The World Health Organization (WHO) has reported that at least one child has died and 17 have required liver transplants in an outbreak of hepatitis in the United States, the UK, and other European nations.
A statement from the U.N. health agency, which came after a nationwide alert from the U.S. Centers for Disease Control and Prevention (CDC), said that “there have been continuing further reports of cases of acute hepatitis of unknown origin among young children.”
“It is not yet clear if there has been an increase in hepatitis cases, or an increase in awareness of hepatitis cases that occur at the expected rate but go undetected. While adenovirus is a possible hypothesis, investigations are ongoing for the causative agent,” the WHO statement reads.
Thus far, one death has been reported, while 17 children—or about 10 percent of the total children who are affected—have required liver transplantation, the WHO stated. It didn’t provide more details about the cases, such as where the death occurred.
The UK has the most cases with 114, according to the WHO’s data. Spain is next with 13, then Israel with 12, and the United States with nine. The children affected range in age from 1 month to 16 years, the WHO stated.
The symptoms of those who are affected include diarrhea, vomiting, jaundice—or yellowing of the skin and the whites of the eyes—and abdominal pain.
Investigators say they don’t believe the COVID-19 vaccine is associated with the hepatitis outbreak. UK officials said last week that there’s “no link” between the cases and the vaccines.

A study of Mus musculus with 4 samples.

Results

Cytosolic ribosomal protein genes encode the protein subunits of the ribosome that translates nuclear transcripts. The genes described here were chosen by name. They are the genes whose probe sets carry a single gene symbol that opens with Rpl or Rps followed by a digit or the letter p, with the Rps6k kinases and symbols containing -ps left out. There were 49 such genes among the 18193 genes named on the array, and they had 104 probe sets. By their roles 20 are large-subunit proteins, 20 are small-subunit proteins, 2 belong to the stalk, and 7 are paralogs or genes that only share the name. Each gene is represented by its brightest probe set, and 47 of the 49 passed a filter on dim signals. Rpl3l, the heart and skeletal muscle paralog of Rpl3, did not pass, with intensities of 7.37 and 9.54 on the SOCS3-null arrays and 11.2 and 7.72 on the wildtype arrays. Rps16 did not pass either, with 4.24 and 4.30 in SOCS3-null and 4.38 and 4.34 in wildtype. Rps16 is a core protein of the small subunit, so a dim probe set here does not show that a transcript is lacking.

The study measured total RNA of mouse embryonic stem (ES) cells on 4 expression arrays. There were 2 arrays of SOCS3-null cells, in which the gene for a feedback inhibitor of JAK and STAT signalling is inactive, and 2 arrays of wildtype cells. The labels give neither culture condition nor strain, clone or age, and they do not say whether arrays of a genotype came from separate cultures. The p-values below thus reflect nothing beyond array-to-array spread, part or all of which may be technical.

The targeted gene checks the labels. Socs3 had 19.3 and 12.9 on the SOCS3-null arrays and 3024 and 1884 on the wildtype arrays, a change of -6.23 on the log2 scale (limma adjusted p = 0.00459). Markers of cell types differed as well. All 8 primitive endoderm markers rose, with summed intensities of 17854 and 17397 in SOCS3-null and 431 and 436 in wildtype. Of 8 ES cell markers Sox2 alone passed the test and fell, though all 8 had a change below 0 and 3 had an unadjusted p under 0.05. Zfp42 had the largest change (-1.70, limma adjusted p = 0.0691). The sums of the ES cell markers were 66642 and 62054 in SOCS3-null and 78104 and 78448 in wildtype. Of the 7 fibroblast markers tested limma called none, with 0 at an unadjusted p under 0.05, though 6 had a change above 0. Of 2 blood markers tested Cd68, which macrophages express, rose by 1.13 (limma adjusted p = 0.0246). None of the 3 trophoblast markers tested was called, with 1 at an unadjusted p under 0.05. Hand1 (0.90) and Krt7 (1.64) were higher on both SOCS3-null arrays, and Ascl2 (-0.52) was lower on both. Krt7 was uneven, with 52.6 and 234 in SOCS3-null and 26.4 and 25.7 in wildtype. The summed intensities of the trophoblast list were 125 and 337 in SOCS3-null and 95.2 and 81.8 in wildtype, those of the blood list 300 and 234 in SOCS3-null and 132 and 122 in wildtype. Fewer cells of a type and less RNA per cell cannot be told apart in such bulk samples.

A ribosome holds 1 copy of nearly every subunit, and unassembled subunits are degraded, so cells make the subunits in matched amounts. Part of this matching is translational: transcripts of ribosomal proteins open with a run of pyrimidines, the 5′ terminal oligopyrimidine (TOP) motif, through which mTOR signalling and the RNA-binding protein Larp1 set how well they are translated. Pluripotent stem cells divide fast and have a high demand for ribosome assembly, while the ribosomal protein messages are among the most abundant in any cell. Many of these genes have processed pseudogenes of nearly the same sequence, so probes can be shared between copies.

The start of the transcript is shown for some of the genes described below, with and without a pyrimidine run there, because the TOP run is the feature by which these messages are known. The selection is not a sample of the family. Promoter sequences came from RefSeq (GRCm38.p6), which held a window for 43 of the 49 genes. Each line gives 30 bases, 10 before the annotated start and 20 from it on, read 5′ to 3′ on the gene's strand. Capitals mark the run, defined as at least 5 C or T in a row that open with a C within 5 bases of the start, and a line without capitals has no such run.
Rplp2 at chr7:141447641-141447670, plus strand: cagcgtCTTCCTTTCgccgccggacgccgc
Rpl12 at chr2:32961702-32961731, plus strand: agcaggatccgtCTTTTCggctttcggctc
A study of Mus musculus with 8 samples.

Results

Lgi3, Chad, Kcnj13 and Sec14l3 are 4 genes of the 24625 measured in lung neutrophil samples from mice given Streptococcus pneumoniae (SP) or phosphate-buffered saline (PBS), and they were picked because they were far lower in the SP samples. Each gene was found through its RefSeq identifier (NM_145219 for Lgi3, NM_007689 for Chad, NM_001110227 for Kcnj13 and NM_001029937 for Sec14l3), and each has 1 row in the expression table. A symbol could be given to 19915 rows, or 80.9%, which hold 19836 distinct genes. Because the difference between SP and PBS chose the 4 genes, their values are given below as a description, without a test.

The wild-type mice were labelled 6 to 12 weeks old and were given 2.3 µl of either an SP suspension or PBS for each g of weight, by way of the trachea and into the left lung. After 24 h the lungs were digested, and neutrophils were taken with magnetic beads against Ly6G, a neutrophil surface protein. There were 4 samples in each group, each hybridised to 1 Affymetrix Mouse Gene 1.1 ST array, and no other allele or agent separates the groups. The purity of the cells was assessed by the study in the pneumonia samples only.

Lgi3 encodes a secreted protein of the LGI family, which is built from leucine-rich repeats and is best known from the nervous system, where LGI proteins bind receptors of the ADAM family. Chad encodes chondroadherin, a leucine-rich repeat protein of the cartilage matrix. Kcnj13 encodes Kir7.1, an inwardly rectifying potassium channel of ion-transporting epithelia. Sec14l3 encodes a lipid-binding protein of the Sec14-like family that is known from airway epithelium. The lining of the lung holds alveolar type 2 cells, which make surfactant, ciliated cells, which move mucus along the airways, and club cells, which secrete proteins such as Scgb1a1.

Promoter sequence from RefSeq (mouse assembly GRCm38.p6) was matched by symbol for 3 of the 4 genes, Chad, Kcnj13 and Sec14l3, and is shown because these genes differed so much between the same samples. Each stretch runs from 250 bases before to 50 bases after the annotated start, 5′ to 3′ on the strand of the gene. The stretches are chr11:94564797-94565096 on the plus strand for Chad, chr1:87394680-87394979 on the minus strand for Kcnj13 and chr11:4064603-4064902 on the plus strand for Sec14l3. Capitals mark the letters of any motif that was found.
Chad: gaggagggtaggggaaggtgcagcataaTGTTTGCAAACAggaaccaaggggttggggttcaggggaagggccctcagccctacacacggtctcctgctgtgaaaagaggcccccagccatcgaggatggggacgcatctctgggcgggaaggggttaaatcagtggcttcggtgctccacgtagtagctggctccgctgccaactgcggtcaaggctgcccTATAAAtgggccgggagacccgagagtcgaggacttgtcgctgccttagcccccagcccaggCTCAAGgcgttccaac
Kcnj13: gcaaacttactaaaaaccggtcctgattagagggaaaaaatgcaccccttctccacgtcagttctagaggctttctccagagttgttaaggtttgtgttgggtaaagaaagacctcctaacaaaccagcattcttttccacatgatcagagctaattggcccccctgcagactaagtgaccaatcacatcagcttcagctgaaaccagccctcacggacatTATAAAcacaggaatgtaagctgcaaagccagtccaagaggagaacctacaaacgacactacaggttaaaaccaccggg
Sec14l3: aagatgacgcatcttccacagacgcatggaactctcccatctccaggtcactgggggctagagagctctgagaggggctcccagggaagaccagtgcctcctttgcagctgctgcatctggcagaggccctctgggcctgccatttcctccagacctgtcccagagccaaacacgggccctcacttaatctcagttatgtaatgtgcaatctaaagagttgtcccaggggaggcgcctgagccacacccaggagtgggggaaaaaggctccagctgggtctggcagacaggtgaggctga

“Hypotheses related to side effects from the COVID-19 vaccines are currently not supported as the vast majority of affected children did not receive COVID-19 vaccination. Other infectious and non-infectious explanations need to be excluded to fully assess and manage the risk,” the WHO said in a statement.
Last week, the CDC issued a nationwide alert regarding an outbreak of hepatitis among a cluster of children in Alabama. The agency said five of those nine children also had adenovirus Type 41.
“Five pediatric patients with significant liver injury, including three with acute liver failure, who also tested positive for adenovirus” were reported by an Alabama children’s hospital to the CDC, according to the federal health agency. Those children were described as healthy by the CDC, which noted that they didn’t have COVID-19, the disease caused by the CCP (Chinese Communist Party) virus.
Hepatitis is an inflammation of the liver that can be caused by a viral infection, alcohol, prescription drugs, over-the-counter medications such as acetaminophen, high doses of certain herbal supplements, toxins, and various medical conditions. Hepatitis viruses, which spread via bodily fluids, can also cause liver inflammation.